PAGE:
Cross-platform messaging service WhatsApp has set a new personal best for messages sent and received, handling 27 billion in the space of 24 hours. The record, which WhatsApp took to Twitter to announce, saw more than 10bn inbound messages sent and more than 17bn messages received, and is a considerable step up from the last public stats from April.
Then, CEO Jan Koum revealed that WhatsApp has over 200 million monthly active users, who collectively send and receive over 20 billion messages each day. The estimated daily numbers include 12bn outbound messages and 8bn inbound messages, Koum said.
The new stats suggest that WhatsApp use is actually accelerating, not slowing. Previously, the company’s record day had been December 31, 2012, when 18bn messages were processed in total (7bn inbound, 11bn outbound). Incidentally, the disparity between inbound and outbound numbers is down to WhatsApp’s support of group messaging, and how multiple simultaneous messages are counted.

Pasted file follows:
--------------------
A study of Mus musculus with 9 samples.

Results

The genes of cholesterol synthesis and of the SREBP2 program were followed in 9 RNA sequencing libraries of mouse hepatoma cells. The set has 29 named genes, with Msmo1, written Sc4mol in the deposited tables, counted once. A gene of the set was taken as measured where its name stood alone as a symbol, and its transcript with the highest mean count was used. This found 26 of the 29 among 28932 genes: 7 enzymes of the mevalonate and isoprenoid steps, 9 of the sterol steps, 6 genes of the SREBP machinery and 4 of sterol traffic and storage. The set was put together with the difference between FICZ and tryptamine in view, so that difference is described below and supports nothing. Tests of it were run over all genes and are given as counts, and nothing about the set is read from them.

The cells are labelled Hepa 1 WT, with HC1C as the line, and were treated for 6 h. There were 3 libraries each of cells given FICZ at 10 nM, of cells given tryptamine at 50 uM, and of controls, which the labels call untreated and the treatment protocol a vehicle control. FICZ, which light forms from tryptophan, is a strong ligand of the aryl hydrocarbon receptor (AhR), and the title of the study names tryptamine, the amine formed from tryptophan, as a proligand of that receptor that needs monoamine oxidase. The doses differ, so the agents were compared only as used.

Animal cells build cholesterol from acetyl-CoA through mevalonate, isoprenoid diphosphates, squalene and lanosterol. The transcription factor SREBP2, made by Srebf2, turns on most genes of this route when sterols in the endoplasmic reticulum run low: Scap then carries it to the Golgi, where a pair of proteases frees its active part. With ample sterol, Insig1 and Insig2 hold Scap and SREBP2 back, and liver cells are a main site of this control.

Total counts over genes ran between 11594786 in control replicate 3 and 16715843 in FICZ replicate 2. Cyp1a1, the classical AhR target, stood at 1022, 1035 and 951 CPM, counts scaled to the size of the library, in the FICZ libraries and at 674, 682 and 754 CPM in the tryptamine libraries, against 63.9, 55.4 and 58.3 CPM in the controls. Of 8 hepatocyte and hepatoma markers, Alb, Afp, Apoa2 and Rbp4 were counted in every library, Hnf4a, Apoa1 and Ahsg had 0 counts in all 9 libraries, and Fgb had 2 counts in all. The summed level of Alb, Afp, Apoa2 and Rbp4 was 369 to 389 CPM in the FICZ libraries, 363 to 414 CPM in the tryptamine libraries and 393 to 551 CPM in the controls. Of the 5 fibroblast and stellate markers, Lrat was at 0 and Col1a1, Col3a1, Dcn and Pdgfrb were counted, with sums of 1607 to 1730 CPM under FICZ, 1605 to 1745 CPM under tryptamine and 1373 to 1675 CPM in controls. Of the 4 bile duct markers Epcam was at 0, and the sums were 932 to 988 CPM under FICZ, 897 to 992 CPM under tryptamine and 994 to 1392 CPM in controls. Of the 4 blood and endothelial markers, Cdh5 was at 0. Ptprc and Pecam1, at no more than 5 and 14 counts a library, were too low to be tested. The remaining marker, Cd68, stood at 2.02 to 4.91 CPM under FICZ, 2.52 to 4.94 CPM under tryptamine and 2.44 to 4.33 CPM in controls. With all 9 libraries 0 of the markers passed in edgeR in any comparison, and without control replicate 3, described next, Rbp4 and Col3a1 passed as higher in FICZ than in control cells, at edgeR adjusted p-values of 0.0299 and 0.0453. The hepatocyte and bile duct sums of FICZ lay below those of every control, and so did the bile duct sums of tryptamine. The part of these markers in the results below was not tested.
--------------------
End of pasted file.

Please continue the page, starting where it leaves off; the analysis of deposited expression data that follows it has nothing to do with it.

Messaging services like WhatsApp are credited for taking the steam out of SMS, with carriers seeing revenues from text messaging dropping as data-based alternatives climb. What’s particularly interesting about WhatsApp, however, is that unlike some rivals the company charges a yearly service charge.
On iOS, WhatsApp is priced at $0.99, with the same charged each year for ongoing ad-free service. On Android, the app is free – as is the first year’s service – but then incurs a $0.99 annual fee.
That audience is a tempting one, and WhatsApp isn’t short on competitors. Google revealed its renewed push for the instant messaging market back at Google I/O, with dedicated Hangouts apps for multiple platforms, while BlackBerry will release a cross-platform BBM app this summer, expanding its IM client from BlackBerry to support iOS and Android.